Whales have shorter gestation periods. For the third time since the Local Government Elections Task Force tabled its report, the B.C. government has been stricken with a case of cold feet.
In 2010, the task force made 31 recommendations to improve local democracy, including: setting campaign spending limits for candidates; requiring all election advertising to disclose who paid for it; and requiring financial reports to be posted online through Elections BC.
Two months after the Task Force tabled its report, the government said it would proceed with the recommendations in time for the 2011 elections. Those elections came and went.
Ida Chong, minister at the time, confessed that the Union of B.C. Municipalities and other groups "may be disappointed" by the government's inertia.
Last year, the government promised that the recommendations would be in place for the 2014 elections.
This April, then deputy minister Don Fast, went so far as to write: "The Ministry of Community, Sport and Cultural Development is conducting the work necessary to implement the recommendations of the Local Government Elections Task Force in time for the 2014 elections."
But last month the government got cold feet. Again. Most of the recommendations may be put into law, but not all.
Notably, the government has chosen not to proceed with campaign spending limits in favour of yet more consultation, even though the task force received more than 10,000 written submissions during its 2010 review.
It would seem B.C. voters need to steel themselves for another round of grossly obscene campaign spending during the 2014 local elections.
Just how gross? In the 2011 election, Vision Vancouver, the NPA and COPE collectively spent $5 million. That's roughly $12 for every eligible voter.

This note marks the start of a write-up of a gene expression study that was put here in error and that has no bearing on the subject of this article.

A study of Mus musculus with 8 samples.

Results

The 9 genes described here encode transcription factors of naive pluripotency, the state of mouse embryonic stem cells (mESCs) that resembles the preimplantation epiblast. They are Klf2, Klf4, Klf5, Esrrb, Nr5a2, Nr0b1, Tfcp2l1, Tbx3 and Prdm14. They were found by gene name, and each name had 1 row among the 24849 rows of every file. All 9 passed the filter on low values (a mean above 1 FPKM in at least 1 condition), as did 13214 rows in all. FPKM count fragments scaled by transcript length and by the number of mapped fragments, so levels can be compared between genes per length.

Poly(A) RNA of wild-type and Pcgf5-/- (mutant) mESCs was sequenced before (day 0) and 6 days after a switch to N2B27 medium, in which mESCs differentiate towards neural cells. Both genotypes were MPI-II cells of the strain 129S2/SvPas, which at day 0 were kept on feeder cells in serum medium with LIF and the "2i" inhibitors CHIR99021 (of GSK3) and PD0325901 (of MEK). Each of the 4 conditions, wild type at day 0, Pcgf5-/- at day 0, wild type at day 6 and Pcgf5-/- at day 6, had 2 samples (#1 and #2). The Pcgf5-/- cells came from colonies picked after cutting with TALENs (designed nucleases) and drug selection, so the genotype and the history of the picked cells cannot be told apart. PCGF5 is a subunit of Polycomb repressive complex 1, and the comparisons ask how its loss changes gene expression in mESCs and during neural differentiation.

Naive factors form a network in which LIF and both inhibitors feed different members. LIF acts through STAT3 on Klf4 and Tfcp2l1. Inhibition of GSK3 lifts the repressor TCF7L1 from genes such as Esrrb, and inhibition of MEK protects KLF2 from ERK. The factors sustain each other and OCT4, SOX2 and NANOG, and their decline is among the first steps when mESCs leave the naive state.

Contrast that with a candidate running for councillor in Montreal who can spend all of 30 cents per voter, a candidate for mayor 38 cents. In Toronto, candidates have a limit of 85 cents per voter. In Regina, the overall limit for a mayoralty candidate is $65,000 and a councillor $11,000.
And it's not just in Vancouver where campaign spending is over the top. Had Regina's limits been in place for the mayor's race in Victoria adjusted on a per voter basis, the cap on election expenses would have been $26,120. Dean Fortin spent nearly three times that getting re-elected in 2011.
If local campaign spending is obscene, it only follows that candidates need to fall back on contributors with obscenely large wallets to pay the bills. And fall back they did. In the 2011 elections, the single largest donation was $960,000 courtesy of local land developer Rob Macdonald to Vancouver's NPA.
To put that sum into context, it's more than double what Naheed Nenshi spent on his way to winning the mayor's chair of Calgary in 2010. Calgary has nearly a quarter of a million more voters than Vancouver.
It's why most provinces have strict rules over who can give to a campaign and how much they can donate. In Montreal the annual cap is $300, in Toronto $2,500, Winnipeg $750 and $5,000 in Calgary.
In Quebec, you can only donate to a candidate who you can actually vote for. So if you live in Sherbrooke you can't donate to a candidate running in Montreal. In Ontario and Manitoba you have to live in the province to donate to a candidate.
But in B.C. a donor doesn't even have to live in Canada to cough up as much cash as they want, resulting in the bizarre case of American corporations donating to a candidate running for city hall in the Lower Mainland.
Strangely though, the task force was opposed to setting restrictions on campaign donations, despite the fact that numerous councils and groups called for a cap on donations and a ban on corporate and union donations, positions that were supported at the time by an overwhelming majority of British Columbians.
According to a 2010 public opinion survey conducted by the Mustel Group, 74.5 per cent of respondents felt there should be a limit on how much any one person can donate to a local election campaign and two-thirds supported a ban on corporate and union donations.
And now it's time for the government to get over its chronic case of cold feet and adopt the task force's 31 recommendations. By all means consult on other issues, but expense limits isn't one of them.
As the task force itself noted: expense limits increase accessibility and fairness. And who could possibly oppose either?